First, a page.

Monday, December 22, 2008

Another One Bites the Dust: Helping Local Businesses Help Themselves...

This morning I got another email from another of my favorite local businesses telling me that it is closing its doors. That brings the tally to five local businesses—two restaurants, two furniture stores and a baby store— that have closed their doors suddenly since I moved to the Raleigh-Durham area just one short year ago. After talking with most of them (as I had become regulars at most) they all had the same reaction: the community didn’t get behind us and support us. This got me thinking—what more can I do to help these local businesses stay afloat? Was it really the community’s fault?

The truth is it takes more than just financial support to keep local businesses thriving in today’s down economy. For the most part, I found my favorite local stores by chance—driving by, a random Internet listing, or a phone call. Local businesses have to look for ways to make the most of local newspapers, TV stations and word of mouth PR and marketing to be successful and, most of the time, there are free opportunities to be had!

If you run a local business, here are just a few tips that you can easily implement to get that free publicity you’re looking for:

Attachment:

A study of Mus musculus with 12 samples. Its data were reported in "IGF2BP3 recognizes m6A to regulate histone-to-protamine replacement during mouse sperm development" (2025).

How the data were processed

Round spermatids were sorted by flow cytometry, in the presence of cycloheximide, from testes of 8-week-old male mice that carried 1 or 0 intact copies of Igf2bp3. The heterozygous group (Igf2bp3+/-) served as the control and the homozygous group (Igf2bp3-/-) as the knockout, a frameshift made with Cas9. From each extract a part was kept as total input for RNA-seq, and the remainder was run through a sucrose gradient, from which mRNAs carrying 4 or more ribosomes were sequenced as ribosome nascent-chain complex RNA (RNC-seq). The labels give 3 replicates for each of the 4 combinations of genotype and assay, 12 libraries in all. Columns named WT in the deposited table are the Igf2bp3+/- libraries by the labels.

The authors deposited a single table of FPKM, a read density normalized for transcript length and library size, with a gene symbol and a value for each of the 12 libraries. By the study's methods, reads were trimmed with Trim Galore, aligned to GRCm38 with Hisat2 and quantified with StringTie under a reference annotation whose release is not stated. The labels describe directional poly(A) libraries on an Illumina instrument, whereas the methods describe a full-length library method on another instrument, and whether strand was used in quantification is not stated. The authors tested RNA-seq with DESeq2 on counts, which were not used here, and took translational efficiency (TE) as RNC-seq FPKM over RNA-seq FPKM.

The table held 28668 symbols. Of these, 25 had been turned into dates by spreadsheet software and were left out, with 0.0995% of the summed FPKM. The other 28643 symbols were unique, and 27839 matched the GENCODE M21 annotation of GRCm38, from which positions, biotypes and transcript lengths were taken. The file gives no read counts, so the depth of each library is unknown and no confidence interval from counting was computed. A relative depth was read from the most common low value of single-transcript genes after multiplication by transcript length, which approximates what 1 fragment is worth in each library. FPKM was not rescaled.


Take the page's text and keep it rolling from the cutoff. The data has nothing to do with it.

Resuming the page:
• Know how you’re different than the big chains. Maybe you’ll price match big chain prices, maybe you only employ experts in your field, maybe you only use locally-grown produce. Whatever the case, you have to know your competitive advantage and be able to clearly articulate it.
  • Get to know the local reporters in your area. Do you read the local newspapers? Watch the local TV station? Always pick up that local free newspaper? Give your favorite reporters a call or send them an email suggesting a story idea based on what makes your business different from the rest. This might take a few tries, but having a local reporter up to speed on your business (and the possibility of stories about you!) can only help further down the road.
  • Don’t get discouraged. Building relationships with reporters takes a long time. Be consistent, but not annoying. Make sure you are going to them with relevant materials. i.e.: If you own a sports store, you’re not going to want to approach the local food critic.
  • Support your local high school/middle school sports teams. If you own a restaurant, offer up your place for after-game meals at a slight discount. If you own a store, offer members of those teams a coupon for buy-one, get-one-free. Getting parents on your side will only help to increase business and promote extra word of mouth in and around your community.
  • Find other local businesses to partner with. If you offer each other’s patrons deals to get them to come in, you’re growing your potential customer base exponentially.
  • Make sure you appear in Internet searches. Registering on City Search or other local-based Websites is a cheap way to ensure potential customers can find you easily.
  • And finally, partner with a local PR firm. Often times, local PR firms will barter for free services. Investigate your local PR firms and see what kinds of deals you can make.

Starting with these simple tools will help you attract more potential customers and keep you thriving even in these tough economic times.